The FCC chairman is concerned about data caps, but that may not mean he’s ready to take any action. At an event in Silicon Valley last night the chairman of the regulatory agency said he viewed anything that would depress broadband usage as a concern.


When asked about the impact of data caps on broadband innovation by my colleague Janko Roettgers and how his thinking had evolved on the topic, the chairman said he was concerned about data caps. He added, “Anything that depresses broadband usage is something that we need to be really concerned about.” And he further said, “We should all be concerned with anything that is incompatible with the psychology of abundance.”

Wow, that’s three “concerns” in a single answer, but does this mean the chairman is set to recognize the potential harms of data caps and goad the commission into any action? That’s less clear. The FCC did signal that the cap issue is one that bears watching last month when it released a notice that asked the public how it should view caps when the agency was measuring broadband quality.

However, the questions the FCC is asking in that notice, seem more in line with establishing a reasonable cap, as opposed to being concerned about their existence. And based on a conversation with an FCC official earlier this month, it’s unclear if the FCC thinks caps are a problem yet. The agency doesn’t offer up data on how much broadband people use and it’s unclear if it is collecting data on how much broadband people use as part of its current quality surveys that involve tracking broadband quality with an agency-supplied router.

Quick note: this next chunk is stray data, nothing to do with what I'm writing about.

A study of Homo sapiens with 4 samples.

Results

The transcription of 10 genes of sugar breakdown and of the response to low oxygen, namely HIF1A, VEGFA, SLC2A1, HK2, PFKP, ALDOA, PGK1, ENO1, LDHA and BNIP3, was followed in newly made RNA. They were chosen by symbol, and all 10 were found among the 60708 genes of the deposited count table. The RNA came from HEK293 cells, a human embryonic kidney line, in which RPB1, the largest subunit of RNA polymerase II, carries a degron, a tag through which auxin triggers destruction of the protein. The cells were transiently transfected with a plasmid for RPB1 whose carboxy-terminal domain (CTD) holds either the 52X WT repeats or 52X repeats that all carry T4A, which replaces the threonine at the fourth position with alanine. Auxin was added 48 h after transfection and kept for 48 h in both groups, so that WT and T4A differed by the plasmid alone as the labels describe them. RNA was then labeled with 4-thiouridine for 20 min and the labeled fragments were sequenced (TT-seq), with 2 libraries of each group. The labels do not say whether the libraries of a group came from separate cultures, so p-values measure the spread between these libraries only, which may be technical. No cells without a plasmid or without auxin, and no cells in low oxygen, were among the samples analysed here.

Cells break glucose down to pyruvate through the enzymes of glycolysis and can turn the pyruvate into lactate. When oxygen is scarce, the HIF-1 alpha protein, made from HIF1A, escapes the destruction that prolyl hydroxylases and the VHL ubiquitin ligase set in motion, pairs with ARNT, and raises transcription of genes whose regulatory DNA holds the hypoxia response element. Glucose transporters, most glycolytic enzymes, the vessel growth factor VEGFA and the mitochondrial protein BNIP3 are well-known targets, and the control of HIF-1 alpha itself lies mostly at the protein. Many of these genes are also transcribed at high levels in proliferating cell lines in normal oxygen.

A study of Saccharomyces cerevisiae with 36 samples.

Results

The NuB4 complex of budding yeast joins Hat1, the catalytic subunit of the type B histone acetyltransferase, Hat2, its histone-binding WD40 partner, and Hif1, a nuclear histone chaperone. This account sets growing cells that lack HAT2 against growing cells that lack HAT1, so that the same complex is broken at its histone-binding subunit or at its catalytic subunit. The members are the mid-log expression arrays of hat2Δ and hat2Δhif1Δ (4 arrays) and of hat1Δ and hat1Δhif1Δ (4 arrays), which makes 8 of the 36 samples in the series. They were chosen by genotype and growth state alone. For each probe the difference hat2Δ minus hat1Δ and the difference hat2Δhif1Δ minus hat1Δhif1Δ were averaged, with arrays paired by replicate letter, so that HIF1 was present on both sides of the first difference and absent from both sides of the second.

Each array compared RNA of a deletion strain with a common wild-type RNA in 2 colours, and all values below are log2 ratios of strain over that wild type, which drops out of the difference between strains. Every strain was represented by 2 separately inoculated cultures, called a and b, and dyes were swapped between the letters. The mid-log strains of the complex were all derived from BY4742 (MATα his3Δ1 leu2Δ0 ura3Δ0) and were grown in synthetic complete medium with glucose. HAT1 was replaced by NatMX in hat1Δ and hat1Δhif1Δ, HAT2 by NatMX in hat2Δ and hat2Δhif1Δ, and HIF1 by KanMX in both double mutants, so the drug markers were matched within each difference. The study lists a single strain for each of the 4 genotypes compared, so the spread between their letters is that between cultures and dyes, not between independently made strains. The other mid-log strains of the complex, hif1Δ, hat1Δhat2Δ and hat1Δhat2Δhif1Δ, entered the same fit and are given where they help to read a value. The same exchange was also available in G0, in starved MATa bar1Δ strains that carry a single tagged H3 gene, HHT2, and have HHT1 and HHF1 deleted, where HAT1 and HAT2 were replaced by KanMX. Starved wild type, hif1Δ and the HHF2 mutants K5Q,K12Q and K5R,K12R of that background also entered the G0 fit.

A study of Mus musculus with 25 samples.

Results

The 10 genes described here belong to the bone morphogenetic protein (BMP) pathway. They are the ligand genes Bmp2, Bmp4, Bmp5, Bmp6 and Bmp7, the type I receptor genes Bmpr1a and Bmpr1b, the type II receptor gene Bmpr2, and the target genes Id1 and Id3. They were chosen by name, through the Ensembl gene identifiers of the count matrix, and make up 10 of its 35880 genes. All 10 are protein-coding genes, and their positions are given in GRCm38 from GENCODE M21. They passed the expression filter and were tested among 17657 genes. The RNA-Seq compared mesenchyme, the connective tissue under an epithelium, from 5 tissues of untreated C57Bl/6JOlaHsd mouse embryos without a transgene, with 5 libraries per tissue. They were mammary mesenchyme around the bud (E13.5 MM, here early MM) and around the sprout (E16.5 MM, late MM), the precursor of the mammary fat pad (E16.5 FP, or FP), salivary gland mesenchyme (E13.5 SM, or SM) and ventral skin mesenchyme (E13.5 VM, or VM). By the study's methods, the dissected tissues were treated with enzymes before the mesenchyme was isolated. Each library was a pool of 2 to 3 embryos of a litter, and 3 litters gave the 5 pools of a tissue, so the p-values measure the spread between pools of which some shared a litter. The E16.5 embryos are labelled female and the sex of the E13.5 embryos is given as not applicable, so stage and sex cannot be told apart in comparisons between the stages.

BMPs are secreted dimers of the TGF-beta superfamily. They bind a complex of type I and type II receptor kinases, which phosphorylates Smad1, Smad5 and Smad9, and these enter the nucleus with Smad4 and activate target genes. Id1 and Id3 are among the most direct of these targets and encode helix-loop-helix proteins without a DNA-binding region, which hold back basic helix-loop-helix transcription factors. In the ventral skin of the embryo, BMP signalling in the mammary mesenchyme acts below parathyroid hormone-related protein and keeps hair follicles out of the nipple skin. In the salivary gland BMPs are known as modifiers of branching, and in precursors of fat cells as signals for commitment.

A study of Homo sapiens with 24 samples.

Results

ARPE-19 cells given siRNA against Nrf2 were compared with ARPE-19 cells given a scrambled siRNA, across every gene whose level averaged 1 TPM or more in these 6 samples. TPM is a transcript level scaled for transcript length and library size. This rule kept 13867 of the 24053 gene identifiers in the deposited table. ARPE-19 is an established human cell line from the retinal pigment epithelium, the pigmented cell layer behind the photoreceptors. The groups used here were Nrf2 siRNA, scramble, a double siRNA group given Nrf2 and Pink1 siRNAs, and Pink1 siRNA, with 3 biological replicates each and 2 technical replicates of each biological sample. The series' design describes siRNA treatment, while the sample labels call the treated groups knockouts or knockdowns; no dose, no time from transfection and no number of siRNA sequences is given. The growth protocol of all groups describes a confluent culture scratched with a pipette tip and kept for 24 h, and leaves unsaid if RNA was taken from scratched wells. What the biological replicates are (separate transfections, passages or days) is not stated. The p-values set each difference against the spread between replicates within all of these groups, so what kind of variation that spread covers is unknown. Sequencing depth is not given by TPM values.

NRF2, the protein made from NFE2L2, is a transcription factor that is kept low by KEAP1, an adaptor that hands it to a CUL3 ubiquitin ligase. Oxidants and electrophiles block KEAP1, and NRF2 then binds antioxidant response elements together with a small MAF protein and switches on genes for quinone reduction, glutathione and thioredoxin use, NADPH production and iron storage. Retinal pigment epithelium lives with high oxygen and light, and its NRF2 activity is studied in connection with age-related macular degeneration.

Our readers tell us they are concerned about caps, not just as something theoretical, but as something they may soon or have bumped up against in real life. I’ve asked readers to share their broadband usage, which in some cases is close to come of the caps currently put in place by ISPs around the country. Our readers are generally more tech savvy and heavier broadband users (we have a whole show dedicated to cord cutters) but they are at worst the leading edge the wave of broadband users rather than gluttonous bandwidth hogs engaging in illicit file sharing.

This is my broadband usage from earlier this summer.

From the FCC’s perspective it appears there are two primary concerns around caps, one is that consumers get kicked offline or charged overage fees for using their broadband connections for legal activities, and the second is that caps cause some sort of economic and competitive disadvantage to firms trying to deliver broadband service.

Most of my sources in the industry feel that if the FCC plans to take action on the issue it will be in response to a firm such as Netflix being forced into a position where it can’t offer its services on a competitive basis when compared with ISPs own television offerings. Some may believe that moment has come, but so far Netflix has not made a federal case of it through formal FCC channels, although it is outspoken against caps.

With a whopping 64 percent of U.S. broadband subscribers under a cap (41 percent of you don’t count Comcast’s cap, which is suspended for the time being in most markets,) that can range from 50 GB a month all the way up to 500 GB, caps are something that the FCC and Silicon Valley should keep their eyes on. U.S. broadband isn’t exactly competitive, and all that stands between consumers and a cap that keeps them from freely enjoying the web may be the FCC.

  1. You used 125 GB in July? What on earth were you doing? Watching a lot of HD movies?



        This gentleman would only need to have a subscription to Brazzers put a queue of 30 HD scenes into his download manager to easily blaze past 120 gigabytes. Brazzers has terabytes of content and with your membership you get unlimited access. This is the same for many porn sites.

        With 3 terabyte hard drives to be had under $150 there’s no excuse not to be pushing hundreds of gigabytes of data in a month.




    Also, 120GB would be easy to pull in a large home with SEVERAL dozen connected devices. Especially if Netflix or Hulu or another LEGAL streaming source was your main point for TV.